Egg freezing

Forward-thinking fertility preservation

Why freeze your eggs?

As technology improves, egg freezing has become increasingly popular – both for social and health reasons.

Egg freezing is a form of fertility preservation for women. It may be suitable for:

  • Women facing medical interventions (such as radiotherapy, chemotherapy, and some operations) that could damage their future fertility
  • Women concerned about their fertility declining with age (“social egg freezing”)
  • Young women with family history of premature ovarian failure
  • Young women with a low ovarian reserve who are not yet ready to have children
  • Single women who would decline egg donation if needed later in life
  • Single women who would like to plan for their future families
  • Those who are at risk of injury or death, e.g. member of the armed forces deployed to a war zone
  • Women about to undergo a gender change operation (and would like to have a child later in life)

Social norms are changing

Couples are starting families later in life. Whilst the previous generation often had children in their early 20s, we now see that women are more likely to think about starting a family in their 30s.

An article in The Independent provided insight from research between the European Society of Human Reproduction and Embryology (ESHRE) and Yale University in the US:

“85 per cent of those visiting (fertility) clinics were not in romantic relationships at the time, the remaining 15 per cent had unstable partners who were either not interested in having children or were also in relationships with other people. 

When their motivations for freezing their eggs were analysed, it transpired that prioritising one’s career was the least common response.

Most of the women had already pursued and completed their educational and career goals, but by their late 30s had been unable to find a lasting reproductive relationship with a stable partner. This is why they turned to egg freezing.”

What is the process?

The egg freezing procedure is similar to an IVF cycle.

Drug stimulation

After an initial assessment, you will be given a treatment plan.

You will be given a medication that will suppress your natural menstrual cycle – this happens in the ”pre-treatment month”

In the following days, you will have a baseline pelvic ultrasound scan and may be required to take some hormone blood tests to look at your oestrogen levels.

You will be prescribed some fertility drugs to inject yourself with for around 8-12 days.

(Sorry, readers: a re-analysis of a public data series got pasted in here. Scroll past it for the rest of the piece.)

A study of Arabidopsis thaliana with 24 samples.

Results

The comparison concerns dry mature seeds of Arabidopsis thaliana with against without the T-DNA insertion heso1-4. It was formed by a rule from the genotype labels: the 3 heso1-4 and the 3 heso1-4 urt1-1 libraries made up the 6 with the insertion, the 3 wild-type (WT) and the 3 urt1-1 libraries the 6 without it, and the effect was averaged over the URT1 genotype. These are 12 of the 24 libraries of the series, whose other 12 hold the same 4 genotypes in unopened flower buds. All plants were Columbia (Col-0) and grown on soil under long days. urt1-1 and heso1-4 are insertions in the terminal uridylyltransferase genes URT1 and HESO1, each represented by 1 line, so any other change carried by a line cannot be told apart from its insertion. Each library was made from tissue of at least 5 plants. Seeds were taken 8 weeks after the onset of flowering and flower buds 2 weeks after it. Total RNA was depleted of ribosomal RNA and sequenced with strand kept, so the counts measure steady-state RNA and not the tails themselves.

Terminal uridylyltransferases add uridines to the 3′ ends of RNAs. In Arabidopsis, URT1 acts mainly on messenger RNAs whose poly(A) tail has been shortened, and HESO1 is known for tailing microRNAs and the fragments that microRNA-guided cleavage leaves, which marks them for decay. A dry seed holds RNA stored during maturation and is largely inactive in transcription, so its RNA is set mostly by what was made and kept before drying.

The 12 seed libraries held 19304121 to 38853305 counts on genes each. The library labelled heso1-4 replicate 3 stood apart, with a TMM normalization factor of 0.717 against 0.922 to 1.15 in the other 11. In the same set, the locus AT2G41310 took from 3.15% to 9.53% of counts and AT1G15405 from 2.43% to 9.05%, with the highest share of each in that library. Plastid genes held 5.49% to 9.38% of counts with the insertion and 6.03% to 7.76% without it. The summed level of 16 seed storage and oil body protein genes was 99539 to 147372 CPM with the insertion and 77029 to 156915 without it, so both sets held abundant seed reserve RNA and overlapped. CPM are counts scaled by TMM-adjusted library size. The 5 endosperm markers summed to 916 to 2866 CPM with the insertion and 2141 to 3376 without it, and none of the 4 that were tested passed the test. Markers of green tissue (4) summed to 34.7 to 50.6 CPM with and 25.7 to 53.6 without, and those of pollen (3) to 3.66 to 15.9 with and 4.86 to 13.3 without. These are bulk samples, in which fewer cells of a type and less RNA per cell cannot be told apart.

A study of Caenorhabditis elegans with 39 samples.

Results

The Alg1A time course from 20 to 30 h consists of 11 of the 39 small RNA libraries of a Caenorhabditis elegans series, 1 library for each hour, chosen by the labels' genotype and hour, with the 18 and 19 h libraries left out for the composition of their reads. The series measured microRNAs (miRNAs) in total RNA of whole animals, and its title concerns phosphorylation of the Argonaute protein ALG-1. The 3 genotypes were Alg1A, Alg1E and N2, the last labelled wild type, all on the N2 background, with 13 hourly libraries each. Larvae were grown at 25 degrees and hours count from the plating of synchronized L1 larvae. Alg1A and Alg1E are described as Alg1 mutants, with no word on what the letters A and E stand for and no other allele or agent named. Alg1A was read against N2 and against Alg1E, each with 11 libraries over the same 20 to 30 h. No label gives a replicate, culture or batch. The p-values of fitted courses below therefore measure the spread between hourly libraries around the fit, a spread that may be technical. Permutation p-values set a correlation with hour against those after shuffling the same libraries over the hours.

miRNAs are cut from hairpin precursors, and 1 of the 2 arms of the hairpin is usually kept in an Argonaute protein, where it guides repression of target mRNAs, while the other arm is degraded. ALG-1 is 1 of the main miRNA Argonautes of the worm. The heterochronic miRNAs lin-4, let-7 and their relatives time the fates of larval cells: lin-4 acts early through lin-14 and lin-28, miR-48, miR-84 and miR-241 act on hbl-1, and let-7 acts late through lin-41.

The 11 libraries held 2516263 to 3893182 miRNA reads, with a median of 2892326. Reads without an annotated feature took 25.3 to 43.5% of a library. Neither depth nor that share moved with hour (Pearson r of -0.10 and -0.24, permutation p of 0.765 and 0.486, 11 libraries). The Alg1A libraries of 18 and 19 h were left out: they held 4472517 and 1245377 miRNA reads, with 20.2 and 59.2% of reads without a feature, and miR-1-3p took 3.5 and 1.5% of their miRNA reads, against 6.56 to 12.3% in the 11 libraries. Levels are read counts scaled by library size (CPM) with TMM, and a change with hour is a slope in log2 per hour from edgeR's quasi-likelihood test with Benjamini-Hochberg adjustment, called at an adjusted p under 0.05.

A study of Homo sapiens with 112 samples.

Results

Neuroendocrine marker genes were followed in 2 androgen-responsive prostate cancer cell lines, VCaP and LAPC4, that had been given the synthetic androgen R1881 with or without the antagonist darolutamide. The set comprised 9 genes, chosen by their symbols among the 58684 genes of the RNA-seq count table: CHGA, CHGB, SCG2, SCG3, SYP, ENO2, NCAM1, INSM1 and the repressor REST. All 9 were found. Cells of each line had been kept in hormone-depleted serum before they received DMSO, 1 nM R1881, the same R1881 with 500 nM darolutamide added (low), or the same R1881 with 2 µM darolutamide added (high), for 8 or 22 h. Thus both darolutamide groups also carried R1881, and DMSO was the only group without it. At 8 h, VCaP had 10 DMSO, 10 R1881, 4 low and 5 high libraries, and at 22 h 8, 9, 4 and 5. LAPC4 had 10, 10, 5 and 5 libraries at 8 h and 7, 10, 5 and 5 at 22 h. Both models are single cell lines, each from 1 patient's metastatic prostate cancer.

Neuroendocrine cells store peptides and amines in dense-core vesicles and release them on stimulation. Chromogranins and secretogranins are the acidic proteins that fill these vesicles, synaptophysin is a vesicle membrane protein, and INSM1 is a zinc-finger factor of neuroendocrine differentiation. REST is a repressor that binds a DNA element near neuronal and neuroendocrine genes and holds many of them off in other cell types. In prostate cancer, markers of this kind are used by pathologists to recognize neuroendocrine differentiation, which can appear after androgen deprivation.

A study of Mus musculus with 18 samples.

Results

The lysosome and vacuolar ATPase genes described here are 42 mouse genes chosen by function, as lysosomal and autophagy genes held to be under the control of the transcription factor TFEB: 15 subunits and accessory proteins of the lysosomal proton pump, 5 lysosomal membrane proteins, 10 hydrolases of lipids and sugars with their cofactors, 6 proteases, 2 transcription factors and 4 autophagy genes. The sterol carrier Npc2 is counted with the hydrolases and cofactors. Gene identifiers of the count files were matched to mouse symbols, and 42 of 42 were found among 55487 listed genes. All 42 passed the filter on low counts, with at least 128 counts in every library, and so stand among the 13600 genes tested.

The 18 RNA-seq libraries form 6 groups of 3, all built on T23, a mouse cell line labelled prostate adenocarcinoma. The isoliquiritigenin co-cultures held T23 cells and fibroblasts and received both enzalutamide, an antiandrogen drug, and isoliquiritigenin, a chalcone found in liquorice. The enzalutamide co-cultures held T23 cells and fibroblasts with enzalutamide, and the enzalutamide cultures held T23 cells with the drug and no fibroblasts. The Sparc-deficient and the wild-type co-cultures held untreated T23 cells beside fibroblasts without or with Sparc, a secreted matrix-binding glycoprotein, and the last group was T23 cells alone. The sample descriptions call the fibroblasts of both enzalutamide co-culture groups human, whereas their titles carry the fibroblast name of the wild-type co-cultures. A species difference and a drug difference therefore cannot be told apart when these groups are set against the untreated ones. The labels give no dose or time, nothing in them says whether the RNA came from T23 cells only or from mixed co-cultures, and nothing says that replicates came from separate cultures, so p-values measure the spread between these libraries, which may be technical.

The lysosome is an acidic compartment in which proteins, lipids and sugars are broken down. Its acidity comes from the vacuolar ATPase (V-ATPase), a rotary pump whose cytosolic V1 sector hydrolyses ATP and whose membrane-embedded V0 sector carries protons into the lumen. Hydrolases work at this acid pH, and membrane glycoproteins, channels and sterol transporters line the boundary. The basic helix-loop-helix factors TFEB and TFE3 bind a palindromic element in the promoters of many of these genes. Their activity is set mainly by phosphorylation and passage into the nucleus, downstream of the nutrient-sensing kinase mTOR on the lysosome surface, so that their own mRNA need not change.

These are to stimulate the growth of follicles (sacs that hold an immature egg).

Monitoring & egg maturity

During this period, you will be required to go into your clinic every few days to have monitoring scans.

Based on the monitoring, you may be required to increase or decrease the dose of your medication.

Once the eggs have matured to around 20mm in size, you will be required to take a Trigger Injection (medication).

The timing is vital – and a specific time of the day is usually required.

Egg collection

Around 36 hours after your trigger injection, you will undergo an egg collection at the clinic – this takes less than 30 minutes.

You will be sedated throughout the procedure through a light sedative.

Your doctor will then use a transvaginal ultrasound to guide a needle and aspirate (suck up) the eggs from the follicles.

Around 95% of patients have at least 1 egg collected, with the average being around 8 to 15.

You will recover at the clinic for a few hours before being released home.


Upon collection, the eggs will be assessed for quality and vitrified (frozen).

These can be stored for up to 10 years as default for future use.

When you are ready to start a family, you will be required to have a ‘thaw, fertilisation and transfer’ treatment cycle.

If you would like to fertilise the eggs for later use, you will undergo a ‘thaw, fertilisation and freeze’ procedure.

Further information

Only certain individuals will receive NHS funding for their treatment. Those that wish to freeze their eggs for ‘social’ reasons will need to have treatment at private clinics.

The HFEA has produced a document ‘Should I freeze my eggs‘ for those thinking about undergoing the procedure.

If you would like more information, please get in touch with us here and we will be able to answer any further questions you may have.